Sometimes it is difficult to agree with a specific person. There might be a list of such people one keeps, if not on paper or on a hard drive, then at least in one’s head.
Pat Robertson has said things that secured him a place on my list of such persons. Glenn Beck is on that list, too. Apparently both Pat Robertson and Glenn Beck this week have stated the United States was wrong to invade Iraq and would be wrong to commit more troops to attempt to stop the chaos there. Mr. Beck even went so far, Tuesday, as to acknowledge people on the left who opposed the invasion in 2003 were correct.
This does not mean I shall, in the near future, remove these names from my “list.” However, at least the positions these two people have taken on this issue—United States invasion and intervention in Iraq—indicate a broad rejection of any plans for further intervention there.
Divisions between various groups in Iraq are centuries old. Those “neo-cons” who thought the United States could do a quick “fix” after Saddam Hussein was toppled from power either lied to the citizens of this country and the people of the rest of the World, or were delusional. Then-Vice President Richard Cheney said, in 2003, United States involvement would be measured perhaps only in weeks, not months. Any amount of time can be measured in weeks, months, years—or days or hours. Yesterday afternoon’s baseball game at Victory Field lasted approximately three hours. Would that be two-hundredths of a week?
The context in which the former Vice President gave his estimate was a sales job to the public. American soldiers, pilots, and ships’ crews would coordinate elements of the largest corporate-military machine in history to kick ass in Iraq. Then-President Bush’s infamous speech given on the deck of the U.S.S. Abraham Lincoln in a pilot’s suit (with a codpiece perhaps concealed) stands as one of the least prudent speeches given by an American President.
President Obama has carried on some of Bush II’s policies, but at least withdrew troops from Iraq. Then-Senator Barry Goldwater said, of United States troop commitments in Vietnam: if we sent them there to win, we sent too few; if we sent them there to lose, we sent too many. As one should know from reading the Pentagon Papers, the United States had no hope of a “win” in Vietnam, where the United States backed, as leaders, men who had spent much of their lives in France and returned to the land of their births with European tastes. Ho Chi Minh, leader of the Viet Minh and forces throughout that country, had spent years in France, but returned to Vietnam at least in native garb and using cultural images, in his speeches and writing, that resonated with the Vietnamese people. At the end of the day, one dictatorship was replaced by another. High-level functionaries in Hanoi and Ho Chi Minh City (formerly Saigon) arrive at official ceremonies in chauffeur-driven Bentleys and Benzes—as, presumably, would have the rulers of South Vietnam. The minimum wage is 27 cents per hour. Over 50,000 American service personnel and an estimated one million Vietnamese lost their lives in that conflict.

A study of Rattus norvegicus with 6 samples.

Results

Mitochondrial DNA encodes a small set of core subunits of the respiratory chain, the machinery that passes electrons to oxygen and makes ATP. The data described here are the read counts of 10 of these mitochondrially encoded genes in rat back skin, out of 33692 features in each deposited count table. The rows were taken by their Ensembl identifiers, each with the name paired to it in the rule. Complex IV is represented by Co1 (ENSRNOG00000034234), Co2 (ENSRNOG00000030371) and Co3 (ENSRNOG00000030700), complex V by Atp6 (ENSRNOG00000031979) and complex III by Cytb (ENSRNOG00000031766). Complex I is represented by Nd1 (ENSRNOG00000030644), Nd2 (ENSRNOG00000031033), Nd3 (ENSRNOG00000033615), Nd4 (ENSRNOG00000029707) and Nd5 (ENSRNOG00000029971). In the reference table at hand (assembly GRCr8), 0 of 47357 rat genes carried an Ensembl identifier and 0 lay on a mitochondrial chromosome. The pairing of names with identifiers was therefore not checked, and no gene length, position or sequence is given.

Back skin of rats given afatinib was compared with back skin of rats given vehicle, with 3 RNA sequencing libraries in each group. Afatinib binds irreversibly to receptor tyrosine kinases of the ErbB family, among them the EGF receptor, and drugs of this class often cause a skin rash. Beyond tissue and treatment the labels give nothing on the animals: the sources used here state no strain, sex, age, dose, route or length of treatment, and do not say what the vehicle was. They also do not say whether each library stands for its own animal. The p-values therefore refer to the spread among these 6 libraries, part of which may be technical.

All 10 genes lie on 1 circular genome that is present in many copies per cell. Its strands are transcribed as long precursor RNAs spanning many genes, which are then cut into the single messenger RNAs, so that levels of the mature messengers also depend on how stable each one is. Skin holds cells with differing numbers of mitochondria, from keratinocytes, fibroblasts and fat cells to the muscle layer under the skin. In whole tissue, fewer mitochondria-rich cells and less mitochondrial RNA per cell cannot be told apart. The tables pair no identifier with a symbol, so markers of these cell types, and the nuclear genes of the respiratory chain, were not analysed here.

We are not the cops of the World. Santayana wrote that those who fail to study history are condemned to repeat it. That bespeaks of willful ignorance. Einstein defined insanity as a person repeating the same action multiple times and expecting a different outcome.
These calls for United States re-invasion of Iraq ignore history and indicate the same people who brought us Gulf “War” II expect a different outcome from those reached in that “war,” Afghanistan or Vietnam.
I might be on some people’s “list” such as that I described in regard to Pat Robertson and Glenn Beck. I hope such people cringe when they read that I agree with Messrs. Robertson and Beck on an issue—and those people write their representative in Congress to say the United States should just say “no” to more military involvement in Iraq.